Rates surged on Monday as investors bet the Federal Reserve would need to get more aggressive to lower inflation.
The 10-year Treasury yield jumped 24 basis points to 3.39%, marking its biggest move since March 2020, while the 2-year rate was last up about 30 basis points at 3.346%. Yields move opposite to prices, and a basis point is equal to 0.01%.
Rates popped to session highs after a Wall Street Journal story published in the afternoon said the Fed might surprise markets with a larger-than-expected 0.75-percentage-point interest rate increase at their meeting this week.
A hotter-than-expected inflation reading on Friday stoked concerns of an aggressive rate hiking strategy by the Fed. The central bank is expected to announce at least a half-point rate hike on Wednesday and has already raised rates twice this year, including a 50-basis-point (0.5 percentage point) increase in May in an effort to stave off the recent inflation surge.
The jump in rates came after the 2-year and 10-year Treasury yield curve briefly inverted for the first time since early April earlier in the session. That measure is closely monitored by traders and often seen as an indicator of a recession.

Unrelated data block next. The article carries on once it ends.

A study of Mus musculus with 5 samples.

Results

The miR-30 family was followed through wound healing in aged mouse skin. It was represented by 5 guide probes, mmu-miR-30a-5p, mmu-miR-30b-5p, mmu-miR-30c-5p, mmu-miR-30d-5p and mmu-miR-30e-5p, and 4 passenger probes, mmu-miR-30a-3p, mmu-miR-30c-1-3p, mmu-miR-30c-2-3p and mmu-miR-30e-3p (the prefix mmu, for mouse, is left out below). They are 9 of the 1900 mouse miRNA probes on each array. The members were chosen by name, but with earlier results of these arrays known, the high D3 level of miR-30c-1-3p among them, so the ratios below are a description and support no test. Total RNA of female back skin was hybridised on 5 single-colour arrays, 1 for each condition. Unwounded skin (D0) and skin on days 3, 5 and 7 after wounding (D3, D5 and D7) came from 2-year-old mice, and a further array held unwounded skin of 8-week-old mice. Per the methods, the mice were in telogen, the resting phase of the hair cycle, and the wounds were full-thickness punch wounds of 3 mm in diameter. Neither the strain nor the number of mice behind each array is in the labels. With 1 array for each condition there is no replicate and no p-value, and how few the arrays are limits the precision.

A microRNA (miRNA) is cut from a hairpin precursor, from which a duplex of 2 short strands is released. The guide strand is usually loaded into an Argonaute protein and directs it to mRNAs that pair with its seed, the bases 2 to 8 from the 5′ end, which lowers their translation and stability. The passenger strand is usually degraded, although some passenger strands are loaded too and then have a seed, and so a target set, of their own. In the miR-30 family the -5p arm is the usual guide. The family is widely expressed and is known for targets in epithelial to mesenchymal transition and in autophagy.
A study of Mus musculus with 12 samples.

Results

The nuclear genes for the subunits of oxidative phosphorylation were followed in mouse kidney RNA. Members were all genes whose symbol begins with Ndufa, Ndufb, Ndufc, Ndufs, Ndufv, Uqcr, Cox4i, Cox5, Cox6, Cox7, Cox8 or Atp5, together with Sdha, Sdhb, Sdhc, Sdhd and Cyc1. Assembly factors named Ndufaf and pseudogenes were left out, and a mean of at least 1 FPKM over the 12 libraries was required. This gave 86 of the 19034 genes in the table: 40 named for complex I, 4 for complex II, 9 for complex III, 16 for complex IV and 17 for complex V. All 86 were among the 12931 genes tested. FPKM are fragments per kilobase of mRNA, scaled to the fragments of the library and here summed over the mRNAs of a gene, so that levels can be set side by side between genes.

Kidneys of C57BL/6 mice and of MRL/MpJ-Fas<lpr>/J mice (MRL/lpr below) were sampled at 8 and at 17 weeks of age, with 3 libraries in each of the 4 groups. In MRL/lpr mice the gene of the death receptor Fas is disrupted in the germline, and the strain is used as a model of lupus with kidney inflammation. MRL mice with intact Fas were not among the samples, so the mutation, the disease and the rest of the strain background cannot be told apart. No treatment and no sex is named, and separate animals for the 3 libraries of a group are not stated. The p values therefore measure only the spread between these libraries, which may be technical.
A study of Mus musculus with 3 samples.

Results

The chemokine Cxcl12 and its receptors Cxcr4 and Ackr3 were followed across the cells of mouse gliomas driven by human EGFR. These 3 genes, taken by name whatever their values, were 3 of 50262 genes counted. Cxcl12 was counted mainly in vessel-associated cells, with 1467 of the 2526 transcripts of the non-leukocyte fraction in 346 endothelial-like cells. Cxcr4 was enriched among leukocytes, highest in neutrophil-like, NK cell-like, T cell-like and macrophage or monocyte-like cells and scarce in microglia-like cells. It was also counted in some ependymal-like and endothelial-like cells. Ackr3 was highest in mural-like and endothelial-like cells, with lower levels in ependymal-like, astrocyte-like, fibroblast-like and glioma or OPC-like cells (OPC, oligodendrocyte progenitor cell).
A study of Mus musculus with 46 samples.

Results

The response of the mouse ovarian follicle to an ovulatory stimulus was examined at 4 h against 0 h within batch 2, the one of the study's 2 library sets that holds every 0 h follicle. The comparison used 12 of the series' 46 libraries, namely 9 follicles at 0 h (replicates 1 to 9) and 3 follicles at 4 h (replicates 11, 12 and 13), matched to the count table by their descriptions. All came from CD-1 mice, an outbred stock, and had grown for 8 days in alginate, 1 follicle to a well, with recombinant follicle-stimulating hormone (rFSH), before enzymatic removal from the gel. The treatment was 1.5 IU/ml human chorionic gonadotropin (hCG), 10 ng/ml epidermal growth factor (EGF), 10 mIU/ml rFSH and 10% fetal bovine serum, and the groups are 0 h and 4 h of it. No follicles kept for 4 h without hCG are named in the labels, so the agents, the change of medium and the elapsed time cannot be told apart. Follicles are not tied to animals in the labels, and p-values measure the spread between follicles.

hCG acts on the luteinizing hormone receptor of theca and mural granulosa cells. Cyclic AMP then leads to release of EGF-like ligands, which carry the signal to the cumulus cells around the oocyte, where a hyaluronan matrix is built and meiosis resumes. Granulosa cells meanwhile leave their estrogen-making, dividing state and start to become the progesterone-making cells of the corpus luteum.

The gap between the 2-year and 10-year yields briefly dipped to as low as minus 0.02 basis points on Monday. Short-term rates have moved more in the last few days because of their higher sensitivity to Federal Reserve rate hikes, flattening the widely watched yield curve.
Last week, the U.S. consumer price index, a closely watched inflation gauge, rose by 8.6% in May on a year-over-year basis, its fastest increase since 1981, the Bureau of Labor Statistics reported Friday. Economists polled by Dow Jones expected a gain of 8.3%. The so-called core CPI, which strips out volatile food and energy prices, rose 6%.
Meanwhile, the University of Michigan consumer sentiment reading fell to a record low, appearing to accelerate the selling in bonds at the end of last week.
— CNBC's Jesse Pound contributed to this report.